IFA has put forward a number of practical proposals to the Minister for Finance to offset the imposition of the additional carbon tax on farm diesel, as the Budget measures are totally inadequate to deal effectively with the problem. Under the Programme for Government, a clear commitment was given to ‘exempt farm diesel from further increases in the carbon tax’.
The proposals are part of IFA’s submission ahead of the publication of the Finance Bill.
IFA President John Bryan said farmers who are registered for VAT must be able to claim a direct refund on the additional carbon tax costs, which ensures a 100% refund. “This can be done in an administratively efficient way at the same time as they make their VAT return.”
He said unregistered farmers should pay, at point-of-sale, a fuel price net of the carbon tax increase. The fuel distributors could then claim the rebate in bulk from the Revenue Commissioners.
On farm consolidation, the IFA President said relief from Capital Gains Tax (GCT) would improve the efficiency of farm operations, generate additional output and exports, and assist in reaching growth targets set out in Food Harvest 2020. John Bryan said, “Farm fragmentation is a key barrier to efficient farm production. The recent Budget contained a number of positive measures to aid land mobility. To maximise the impact of those measures, there is a need to introduce relief from CGT for farm consolidation.”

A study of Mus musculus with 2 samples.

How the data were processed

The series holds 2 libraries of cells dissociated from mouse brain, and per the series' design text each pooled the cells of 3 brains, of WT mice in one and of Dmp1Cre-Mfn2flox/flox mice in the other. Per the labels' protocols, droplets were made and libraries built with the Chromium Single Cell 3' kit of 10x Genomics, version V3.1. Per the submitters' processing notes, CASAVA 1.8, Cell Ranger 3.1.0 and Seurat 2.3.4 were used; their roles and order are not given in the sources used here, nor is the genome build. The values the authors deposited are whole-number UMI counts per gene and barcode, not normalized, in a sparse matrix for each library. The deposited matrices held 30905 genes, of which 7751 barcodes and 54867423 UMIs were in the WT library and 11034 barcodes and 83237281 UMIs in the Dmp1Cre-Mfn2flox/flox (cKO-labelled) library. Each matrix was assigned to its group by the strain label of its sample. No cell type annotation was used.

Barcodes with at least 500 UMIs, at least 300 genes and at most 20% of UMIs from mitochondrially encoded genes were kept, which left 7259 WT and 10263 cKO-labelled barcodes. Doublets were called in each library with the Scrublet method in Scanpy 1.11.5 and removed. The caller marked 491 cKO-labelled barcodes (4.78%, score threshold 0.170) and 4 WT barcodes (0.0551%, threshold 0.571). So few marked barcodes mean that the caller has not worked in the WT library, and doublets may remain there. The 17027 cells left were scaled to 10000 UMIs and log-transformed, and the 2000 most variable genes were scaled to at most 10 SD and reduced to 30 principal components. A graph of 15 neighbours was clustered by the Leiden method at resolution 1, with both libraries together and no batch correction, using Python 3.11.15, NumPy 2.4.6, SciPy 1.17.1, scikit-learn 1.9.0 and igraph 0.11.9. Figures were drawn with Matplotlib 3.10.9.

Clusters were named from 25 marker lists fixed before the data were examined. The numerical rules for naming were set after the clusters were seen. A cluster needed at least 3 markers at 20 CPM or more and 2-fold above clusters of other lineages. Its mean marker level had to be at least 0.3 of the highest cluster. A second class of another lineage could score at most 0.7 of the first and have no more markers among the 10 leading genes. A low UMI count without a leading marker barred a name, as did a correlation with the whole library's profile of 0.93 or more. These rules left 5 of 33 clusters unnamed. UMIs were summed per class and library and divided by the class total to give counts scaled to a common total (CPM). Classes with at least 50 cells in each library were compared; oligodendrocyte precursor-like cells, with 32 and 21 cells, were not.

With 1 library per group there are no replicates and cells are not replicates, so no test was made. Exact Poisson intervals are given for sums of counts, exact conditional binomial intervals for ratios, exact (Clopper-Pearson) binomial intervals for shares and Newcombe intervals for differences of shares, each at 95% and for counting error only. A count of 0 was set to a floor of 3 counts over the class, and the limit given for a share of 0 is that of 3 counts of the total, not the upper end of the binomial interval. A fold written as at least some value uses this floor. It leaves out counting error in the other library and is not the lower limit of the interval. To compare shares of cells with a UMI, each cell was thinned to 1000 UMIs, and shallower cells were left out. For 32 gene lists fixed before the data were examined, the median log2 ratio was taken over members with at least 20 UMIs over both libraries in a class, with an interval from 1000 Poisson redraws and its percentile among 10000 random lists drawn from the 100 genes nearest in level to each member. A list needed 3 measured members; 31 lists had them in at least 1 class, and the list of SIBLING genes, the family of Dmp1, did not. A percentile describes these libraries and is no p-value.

IFA’s submission also includes a provision to extend the increased stock relief for registered farm partnerships to all registered partnerships, and not just Milk Production Partnerships.
IFA is also proposing that, in line with the general functioning of the VAT Refund scheme, unregistered farmers should be able to claim the refund of VAT on wind turbines purchased during the last four years.